I spend a fair amount of time reading and listening to well known theologians. I like learning and studying theology but I’m always cautious so as not to just make all this learning purely an intellectual endeavor. Rather, I try to also incorporate all of this theology I’ve been absorbing over the years and incorporate it into my devotional life. Thus, for all these smarter-than-me living and dead theologians that I’ve been reading and listening to over the years I have to admit that I also enjoy learning about their personal life just as much. What was their life like, how did they grow up, what physical difficulties did they experience, how did they come to know the Lord and how did they spend time with the Lord? Often if I want to buy one of their books I usually lean towards buying one of their devotional works first over anything else they may have published.
I’ve taken a break recently from some other studies to spend some time on the Puritans (again) and John Owen particularly. I’ve been listening to some lectures by Derek Thomas on John Owen given at Puritan Reformed Theological Seminary. Its fascinating and enlightening stuff and I’ve enjoyed it immensely. At one point, Thomas, in connection with his talk on Owen, relates his own conversion experience which I liked hearing about and I’m glad he shared it. For all his knowledge, Thomas, like all of us, was saved by simple grace. A friend gave him a book by John Stott which he read followed by his own reading of the Bible (the first he Bible he ever owned). Sensing his need he prayed, he can’t remember his exact words but it was something like what a “drowning man would say when the waters were coming upon him, 'Lord save me’.” He went on to say that he could not have “formulated anything that was theologically sound…” but he simply believed Matthew 11:28-30 and that’s all there was to it. What a simple and yet profound story of God’s grace working in a man’s heart. Of all the issues he spoke about this was just as encouraging and interesting and a great little diversion from the focus of the lecture. It really brought home his point about Owen’s view on conviction of sin.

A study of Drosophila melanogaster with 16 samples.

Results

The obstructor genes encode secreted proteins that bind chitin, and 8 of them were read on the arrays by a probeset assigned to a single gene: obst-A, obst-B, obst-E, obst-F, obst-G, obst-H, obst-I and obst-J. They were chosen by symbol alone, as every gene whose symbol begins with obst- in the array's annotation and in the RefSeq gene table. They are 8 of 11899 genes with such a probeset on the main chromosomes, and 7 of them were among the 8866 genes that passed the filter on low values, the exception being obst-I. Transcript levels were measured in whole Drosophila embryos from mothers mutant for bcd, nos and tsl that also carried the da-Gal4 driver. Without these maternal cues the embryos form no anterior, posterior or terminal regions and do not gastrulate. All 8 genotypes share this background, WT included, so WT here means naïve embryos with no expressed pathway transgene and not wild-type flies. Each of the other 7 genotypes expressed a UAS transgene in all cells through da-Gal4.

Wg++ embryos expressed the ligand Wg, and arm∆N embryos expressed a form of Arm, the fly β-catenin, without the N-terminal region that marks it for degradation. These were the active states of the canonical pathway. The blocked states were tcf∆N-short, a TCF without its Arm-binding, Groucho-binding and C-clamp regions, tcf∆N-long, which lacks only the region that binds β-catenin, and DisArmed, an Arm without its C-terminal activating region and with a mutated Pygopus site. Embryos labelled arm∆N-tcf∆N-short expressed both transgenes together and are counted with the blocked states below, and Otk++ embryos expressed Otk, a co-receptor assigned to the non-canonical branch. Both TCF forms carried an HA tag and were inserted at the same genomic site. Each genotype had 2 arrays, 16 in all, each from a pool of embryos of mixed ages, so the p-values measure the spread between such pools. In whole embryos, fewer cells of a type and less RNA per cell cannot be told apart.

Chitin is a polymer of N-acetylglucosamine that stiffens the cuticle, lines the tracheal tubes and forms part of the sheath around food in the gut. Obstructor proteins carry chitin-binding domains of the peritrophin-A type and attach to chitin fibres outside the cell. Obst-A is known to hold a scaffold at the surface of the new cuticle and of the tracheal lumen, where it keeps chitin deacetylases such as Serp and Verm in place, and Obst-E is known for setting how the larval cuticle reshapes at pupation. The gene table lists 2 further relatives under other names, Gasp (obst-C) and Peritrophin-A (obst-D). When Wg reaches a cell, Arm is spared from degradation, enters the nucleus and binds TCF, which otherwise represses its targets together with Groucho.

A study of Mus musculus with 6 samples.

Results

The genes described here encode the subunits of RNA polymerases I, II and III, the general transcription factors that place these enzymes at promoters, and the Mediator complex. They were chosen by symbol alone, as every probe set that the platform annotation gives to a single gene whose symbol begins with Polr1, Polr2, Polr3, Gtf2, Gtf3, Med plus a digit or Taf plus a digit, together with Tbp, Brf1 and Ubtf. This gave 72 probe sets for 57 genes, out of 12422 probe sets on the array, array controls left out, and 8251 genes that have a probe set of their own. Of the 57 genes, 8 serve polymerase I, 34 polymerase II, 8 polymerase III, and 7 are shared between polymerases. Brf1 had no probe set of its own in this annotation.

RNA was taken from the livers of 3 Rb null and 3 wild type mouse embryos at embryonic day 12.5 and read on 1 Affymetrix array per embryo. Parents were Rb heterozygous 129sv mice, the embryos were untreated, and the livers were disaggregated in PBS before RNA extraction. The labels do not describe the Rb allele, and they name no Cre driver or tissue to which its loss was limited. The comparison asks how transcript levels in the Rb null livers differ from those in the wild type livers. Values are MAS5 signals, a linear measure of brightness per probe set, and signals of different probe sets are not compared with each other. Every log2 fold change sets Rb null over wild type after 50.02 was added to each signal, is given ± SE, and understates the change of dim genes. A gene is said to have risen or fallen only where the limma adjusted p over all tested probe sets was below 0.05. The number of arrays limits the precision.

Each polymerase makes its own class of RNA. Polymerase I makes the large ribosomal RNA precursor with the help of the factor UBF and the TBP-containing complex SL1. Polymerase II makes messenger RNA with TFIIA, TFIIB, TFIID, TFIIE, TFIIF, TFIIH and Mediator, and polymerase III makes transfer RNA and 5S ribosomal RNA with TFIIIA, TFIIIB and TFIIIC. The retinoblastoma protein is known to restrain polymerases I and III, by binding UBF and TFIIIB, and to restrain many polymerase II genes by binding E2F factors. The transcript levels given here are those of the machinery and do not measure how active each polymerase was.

It was Herman Bavinck, who, on his death bed, said "My dogmatics avails me nothing nor my knowledge but I have my faith and in this I have all.” May we all remember this sentiment as we travel the life-long road of learning.
Come to me, all who labor and are heavy laden, and I will give you rest. Take my yoke upon you, and learn from me, for I am gentle and lowly in heart, and you will find rest for your souls. For my yoke is easy, and my burden is light. – Matthew 11:28-30
More on Derek Thomas here & his Owen lectures are here.